Georgia School Putting the Wheels on Common Core

Georgia School Putting the Wheels on Common Core

Story tools

A A AResize

Print

 

It was a rare chance for reporters to learn about Common Core Standards from inside a school. It was a chance to see teachers using them with students. The always-excellent New America Media arranged it. I learned a lot at A Day in the Life of a Common Core Classroom: Media Tour of Duluth High School. And I am going to write a story about Common Core.

But what I am loving, right now, are the wheels, the beautiful wheels.

Reporters develop a little Sherlock Holmes thing, a slightly autistic eye for details. As we went from classroom to classroom, seeing how teachers integrate literacy into math and science, seeing how reading comprehension and abstract analysis are built into every subject, my gaze kept going to the floor.

Every desk had wheels. Every table had wheels. Every chair had wheels. They were sturdy and turned smoothly. They did not squeak or wobble.

In some classrooms, the desks were facing each other in sets of four, so that groups of four students worked on something, such as geometry problems, together. This was to teach collaboration. In others, they all faced the front for a traditional lecture format. This was to teach listening.

Teachers and students can rearrange the classroom quickly, depending on the task, because of those nice, quiet, sturdy wheels.

That a thing so simple and common sense could be present for students in real life made me happy.

My joy in wheels overflowed when I saw the library, excuse me, the media center, where there was a whole portable miniclassroom set up for us journalists. It could have been dispersed in an instant so that people could sit at desks to study or write on their own.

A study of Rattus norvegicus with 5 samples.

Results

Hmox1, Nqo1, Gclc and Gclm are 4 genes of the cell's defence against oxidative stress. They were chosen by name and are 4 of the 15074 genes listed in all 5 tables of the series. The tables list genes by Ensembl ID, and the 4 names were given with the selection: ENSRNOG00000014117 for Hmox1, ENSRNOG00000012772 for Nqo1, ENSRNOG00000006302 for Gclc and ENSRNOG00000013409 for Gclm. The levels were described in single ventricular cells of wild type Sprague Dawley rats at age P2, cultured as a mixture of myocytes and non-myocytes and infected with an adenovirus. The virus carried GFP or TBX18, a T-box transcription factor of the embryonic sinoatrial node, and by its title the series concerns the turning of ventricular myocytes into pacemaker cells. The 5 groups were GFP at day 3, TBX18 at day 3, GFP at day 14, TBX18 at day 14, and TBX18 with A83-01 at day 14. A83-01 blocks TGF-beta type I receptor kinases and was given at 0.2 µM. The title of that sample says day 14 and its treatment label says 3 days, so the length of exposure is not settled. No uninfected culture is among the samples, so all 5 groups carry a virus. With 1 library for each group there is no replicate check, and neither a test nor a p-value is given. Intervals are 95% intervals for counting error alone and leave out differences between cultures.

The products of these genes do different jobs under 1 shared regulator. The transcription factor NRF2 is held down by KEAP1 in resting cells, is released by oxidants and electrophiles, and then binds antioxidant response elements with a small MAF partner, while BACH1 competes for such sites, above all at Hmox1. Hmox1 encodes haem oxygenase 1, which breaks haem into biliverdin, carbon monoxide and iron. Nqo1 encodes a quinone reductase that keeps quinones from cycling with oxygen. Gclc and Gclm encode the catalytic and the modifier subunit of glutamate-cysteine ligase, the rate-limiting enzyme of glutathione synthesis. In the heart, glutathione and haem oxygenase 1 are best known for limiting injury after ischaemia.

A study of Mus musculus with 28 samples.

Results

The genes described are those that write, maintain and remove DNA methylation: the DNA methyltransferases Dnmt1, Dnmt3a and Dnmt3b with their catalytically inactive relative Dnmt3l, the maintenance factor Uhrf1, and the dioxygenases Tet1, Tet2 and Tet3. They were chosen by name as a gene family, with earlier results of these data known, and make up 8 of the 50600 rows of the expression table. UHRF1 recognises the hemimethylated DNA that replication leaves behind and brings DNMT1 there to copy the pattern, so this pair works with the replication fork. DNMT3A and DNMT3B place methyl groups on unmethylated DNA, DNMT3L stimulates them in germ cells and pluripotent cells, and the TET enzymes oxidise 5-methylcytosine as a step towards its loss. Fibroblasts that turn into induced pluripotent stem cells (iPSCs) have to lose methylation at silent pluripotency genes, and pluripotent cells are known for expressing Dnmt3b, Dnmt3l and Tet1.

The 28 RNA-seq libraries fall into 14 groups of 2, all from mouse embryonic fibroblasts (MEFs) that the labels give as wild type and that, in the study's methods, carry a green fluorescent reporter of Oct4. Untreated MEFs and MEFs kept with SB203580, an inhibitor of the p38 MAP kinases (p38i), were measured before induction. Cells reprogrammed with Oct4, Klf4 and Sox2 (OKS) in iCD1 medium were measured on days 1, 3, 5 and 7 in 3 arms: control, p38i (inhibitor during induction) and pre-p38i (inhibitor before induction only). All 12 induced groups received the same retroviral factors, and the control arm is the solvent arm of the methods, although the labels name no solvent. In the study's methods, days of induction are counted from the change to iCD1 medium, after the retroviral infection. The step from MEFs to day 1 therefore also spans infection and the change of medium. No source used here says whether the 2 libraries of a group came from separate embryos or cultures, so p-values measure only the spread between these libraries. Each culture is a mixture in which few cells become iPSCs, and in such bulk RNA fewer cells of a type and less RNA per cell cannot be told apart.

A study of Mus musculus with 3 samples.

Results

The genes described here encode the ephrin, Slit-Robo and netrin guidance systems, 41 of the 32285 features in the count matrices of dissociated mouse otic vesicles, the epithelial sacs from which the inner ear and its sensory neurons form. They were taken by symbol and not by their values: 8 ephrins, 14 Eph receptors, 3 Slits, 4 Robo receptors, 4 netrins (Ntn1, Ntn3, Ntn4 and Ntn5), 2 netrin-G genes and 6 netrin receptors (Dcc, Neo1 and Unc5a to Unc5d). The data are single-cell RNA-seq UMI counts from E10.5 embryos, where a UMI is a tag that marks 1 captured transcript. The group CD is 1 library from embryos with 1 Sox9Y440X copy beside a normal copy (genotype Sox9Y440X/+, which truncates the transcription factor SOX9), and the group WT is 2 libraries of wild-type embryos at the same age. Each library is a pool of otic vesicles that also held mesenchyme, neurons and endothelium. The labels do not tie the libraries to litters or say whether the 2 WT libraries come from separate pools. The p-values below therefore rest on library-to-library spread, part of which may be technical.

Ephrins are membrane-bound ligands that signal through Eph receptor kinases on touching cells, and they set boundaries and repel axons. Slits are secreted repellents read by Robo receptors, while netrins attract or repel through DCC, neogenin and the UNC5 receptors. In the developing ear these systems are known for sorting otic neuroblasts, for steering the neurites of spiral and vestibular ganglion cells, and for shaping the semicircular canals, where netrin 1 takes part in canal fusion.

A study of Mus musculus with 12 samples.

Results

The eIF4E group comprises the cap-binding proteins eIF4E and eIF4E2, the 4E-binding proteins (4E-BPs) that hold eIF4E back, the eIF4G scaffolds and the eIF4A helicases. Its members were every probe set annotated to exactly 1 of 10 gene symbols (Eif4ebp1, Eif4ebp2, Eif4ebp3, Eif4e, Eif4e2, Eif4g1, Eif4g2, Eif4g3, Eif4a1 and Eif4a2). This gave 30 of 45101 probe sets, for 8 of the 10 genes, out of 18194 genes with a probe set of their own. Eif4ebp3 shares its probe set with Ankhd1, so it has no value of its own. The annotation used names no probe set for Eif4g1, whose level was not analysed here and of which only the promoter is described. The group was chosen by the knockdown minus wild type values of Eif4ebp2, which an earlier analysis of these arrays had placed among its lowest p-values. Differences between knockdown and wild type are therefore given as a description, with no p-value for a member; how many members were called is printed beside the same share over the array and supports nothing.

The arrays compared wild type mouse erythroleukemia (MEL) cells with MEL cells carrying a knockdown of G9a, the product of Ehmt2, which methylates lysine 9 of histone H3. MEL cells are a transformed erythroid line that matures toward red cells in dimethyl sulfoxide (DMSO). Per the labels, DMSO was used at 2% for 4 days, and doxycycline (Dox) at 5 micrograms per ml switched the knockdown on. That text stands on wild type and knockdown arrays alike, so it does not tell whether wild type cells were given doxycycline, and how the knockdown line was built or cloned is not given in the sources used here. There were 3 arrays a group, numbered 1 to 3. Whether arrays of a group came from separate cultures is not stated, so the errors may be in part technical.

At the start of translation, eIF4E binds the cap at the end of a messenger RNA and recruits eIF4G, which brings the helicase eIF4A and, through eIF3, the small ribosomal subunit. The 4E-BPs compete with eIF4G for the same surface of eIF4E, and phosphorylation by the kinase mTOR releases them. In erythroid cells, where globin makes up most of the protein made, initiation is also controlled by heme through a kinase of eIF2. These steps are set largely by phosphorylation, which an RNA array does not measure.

Media Specialist Dr. Janie Cowan said the wheels were intentional, so that the students could make the space meet their varying needs. It is meant to be a hub of technology and of either group work or individual research.

She said the space was “not only hooked up digitally to databases and programs, but hooked up acoustically.” It was designed to have quiet areas where sound was dampened. She could stand and speak loudly to our group, while people at a nearby bank of computers were not disturbed.

This is a perfect example of school library best practices. From university to elementary school, putting flexibility first and creating a community hub is state of the art.

But the thing that wowed me was that somebody “caressed the divine details,” as Vladimir Nabokov called them. Somebody did not just talk about making this work. Somebody thought it through down to the ground level, and put those nonsqueaky wheels on all the furniture.